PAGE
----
We've all been there — you're trying to explain to your patient why their green smoothie diet isn't really all that good for them, and you end up starting with "So in Chinese medicine we believe in the energetics of the yin and the yang..." As you continue, you watch your patient's eyes slowly glaze over as they start to wonder what the heck they're doing with this crazy woo-woo new age crystal slinging healer in front of them. Just like that, they're lost.
It took me a while to figure it out, but while a lot of our patients are interested in TCM and even the philosophies that underpin it, most of them don't really want, or need, to understand it. They want to know what's wrong with them, and they want to know it in a way that's familiar.
I find that I get my best clinical results when I can get a patient on board with my treatment plan, and that means that they need to 1) understand what we're trying to accomplish and 2) believe that it will make a difference. In my experience, neither of those things happen until I translate TCM.
Here's a few strategies for translating TCM that I find have worked particularly well:
Talking About Organ Systems
No matter how much we think it's cool, most people don't want to hear that their liver is stagnant or that their spleen is deficient. What does that even mean? Instead of talking about TCM organ systems, I like to to talk about their allopathic counterparts. A deficient spleen, that just means that your digestion isn't as effective as it could be. A stagnant liver means that stress is affecting your body's ability to produce and metabolize hormones. That deficient kidney is a hormonal imbalance. By understanding and communicating the allopathic effects of organ system issues, we give our patients something they can relate to, even something they can go home and explain to their partner (which means that now their partner can get on board as well).
Qi, Blood, Yin & Yang
These can be just a confusing for patients, but they're really easy to explain in a way that everyone can understand. Qi is just energy, it's ATP, it's the very basic cellular stuff our body needs to stay alive, change, adapt, heal, grow and thrive. Most people can totally understand this, especially because everyone knows that they feel energetic or not. I always tell patients that they have a bank account of energy that has a finite balance. We need to put more in than we take out, and when we take out too much, we overdraw, and that's when things start breaking down.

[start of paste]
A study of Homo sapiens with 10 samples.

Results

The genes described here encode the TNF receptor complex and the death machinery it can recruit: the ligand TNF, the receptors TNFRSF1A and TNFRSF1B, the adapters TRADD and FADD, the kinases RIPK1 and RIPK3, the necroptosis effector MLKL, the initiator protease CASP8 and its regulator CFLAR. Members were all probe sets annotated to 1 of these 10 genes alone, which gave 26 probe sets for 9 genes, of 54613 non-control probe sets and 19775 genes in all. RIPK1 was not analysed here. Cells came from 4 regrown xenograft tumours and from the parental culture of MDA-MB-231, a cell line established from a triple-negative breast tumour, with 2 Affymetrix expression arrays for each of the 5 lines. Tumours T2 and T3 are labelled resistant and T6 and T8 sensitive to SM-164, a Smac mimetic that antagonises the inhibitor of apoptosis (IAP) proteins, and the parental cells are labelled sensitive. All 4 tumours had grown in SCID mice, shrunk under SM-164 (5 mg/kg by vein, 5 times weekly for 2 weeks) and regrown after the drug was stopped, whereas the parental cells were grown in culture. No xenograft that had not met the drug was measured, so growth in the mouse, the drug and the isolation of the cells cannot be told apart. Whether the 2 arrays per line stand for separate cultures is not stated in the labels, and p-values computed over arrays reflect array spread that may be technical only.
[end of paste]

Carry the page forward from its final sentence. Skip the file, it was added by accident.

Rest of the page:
Blood is similar. Blood is basically just a measure of the circulating nutrition available to our body. When our food is broken down, the nutrients need to be distributed to muscles and organs and this happens through the blood. This means that it's not just what you eat, but what you can digest, that matters.
Finally, I've found that it's best to talk about yin and yang as a balance of hormones. With fertility, it's pretty easy to do. FSH is the yang component, E2 is yin, etc... If you look at the energetic effects of any hormone or drug, it's really easy to place them in yin or yang categories. BBT is also your best friend here.
I know this is a super quick explanation. Ultimately, I believe that everyone needs to find their own way of relating TCM to their patients. Hopefully, this is just a little bit of a starting point for you. If there's something that you're really struggling with translating, let us know in the comments and we'll see if we can't give you a few tips!
The Big Picture
Translating TCM isn't just important for your patients, it's important for our whole profession. The more we can talk about what we know, and not sound like total whack-a-doos, the more seriously we'll be taken. I know that this is fundamentally unfair, and that it seems like we're turning our back on tradition, but if we want TCM to continue to thrive, it's important that people understand what we're about. Ultimately, people can't trust you until they understand you.
We've had the great opportunity to write a couple of pieces for MINDBODYGREEN and GOOP over the last year or so (no, we didn't get to meet Gwyneth ;) ). It's our hope that by translating TCM, we can ultimately help our profession to grow and develop, creating new opportunities to help others. Check out the pieces above if you're interested in how we talk about TCM with wider public audiences, and let us know about your approach to translating TCM down in the comments.
Written by Rob Krassowski: Rob Krassowski, DAOM, L.Ac. (FABORM) is a co-founder at Conceivable and has more than 10 years experience treating treating infertility and building integrative programs to improve women’s health. He currently lives and works as a technologist in Copenhagen, Denmark.